Tuesday, June 06, 2006

Bush Administration Still Refusing to Comply with Geneva Convention

The LA Times had an article yesterday on the repeated refusal of the Bush Administration to fully comply with the Geneva Convention standards on prisoner treatment.

Although the US maintained compliance with the Geneva standards for decades, the Bush Administration decided to suspend portions of the rules in 2002.

A significant provision that was suspended is Common Article 3, which bans torture and cruel treatment of all detainees (traditional POWs and unlawful combatants). The suspension has allowed the Bush Administration to treat prisoners differently based upon how they choose to define them.

Here is what the LA Times article had to say about restoring Common Article 3 (emphasis mine):


The Pentagon tried to satisfy some of the military lawyers' concerns by including some protections of Article 3 in the new policy, most notably a ban on inhumane treatment, but refused to embrace the actual Geneva standard in the directive it planned to issue.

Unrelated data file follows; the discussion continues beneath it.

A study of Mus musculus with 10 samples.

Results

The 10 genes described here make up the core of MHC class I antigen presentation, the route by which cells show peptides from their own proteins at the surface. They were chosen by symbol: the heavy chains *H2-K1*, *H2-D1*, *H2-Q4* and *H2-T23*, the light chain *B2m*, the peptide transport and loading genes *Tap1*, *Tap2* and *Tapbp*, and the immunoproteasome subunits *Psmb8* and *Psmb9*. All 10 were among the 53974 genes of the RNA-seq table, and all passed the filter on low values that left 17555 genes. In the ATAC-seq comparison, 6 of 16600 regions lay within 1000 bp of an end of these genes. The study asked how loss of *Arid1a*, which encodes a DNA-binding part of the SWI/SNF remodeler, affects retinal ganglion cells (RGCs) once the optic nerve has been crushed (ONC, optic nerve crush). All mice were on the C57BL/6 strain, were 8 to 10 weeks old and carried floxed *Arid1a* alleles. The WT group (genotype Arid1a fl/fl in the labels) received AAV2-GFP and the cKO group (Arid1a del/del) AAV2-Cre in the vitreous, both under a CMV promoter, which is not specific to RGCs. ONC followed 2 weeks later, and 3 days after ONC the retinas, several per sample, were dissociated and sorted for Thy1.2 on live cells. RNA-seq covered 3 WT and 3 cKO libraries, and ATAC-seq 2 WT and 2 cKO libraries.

The military lawyers, known as judge advocates general, or JAGs, have concluded that they will have to wait for a new administration before mounting another push to link Pentagon policy to the standards of Geneva.

"The JAGs came to the conclusion that this was the best they can get," said one participant familiar with the Defense Department debate who spoke on condition of anonymity because of the protracted controversy. "But it was a massive mistake to have withdrawn from Geneva. By backing away, you weaken the proposition that this is the baseline provision that is binding to all nations."


Despite all this evidence to the contrary, the White House continually insists the US is not torturing or otherwise mistreating prisoners.

As Oona A. Hathaway of Yale Law School points out, whether torture is actually taking place is only part of the issue: "The rest of the world is completely convinced that we are busy torturing people. Whether that is true or not, the fact we keep refusing to provide these protections in our formal directives puts a lot of fuel on the fire."

Let's hope it's not also providing the match that ignites the understandable fears and frustrations of our soldiers who are forced to operate on the front lines.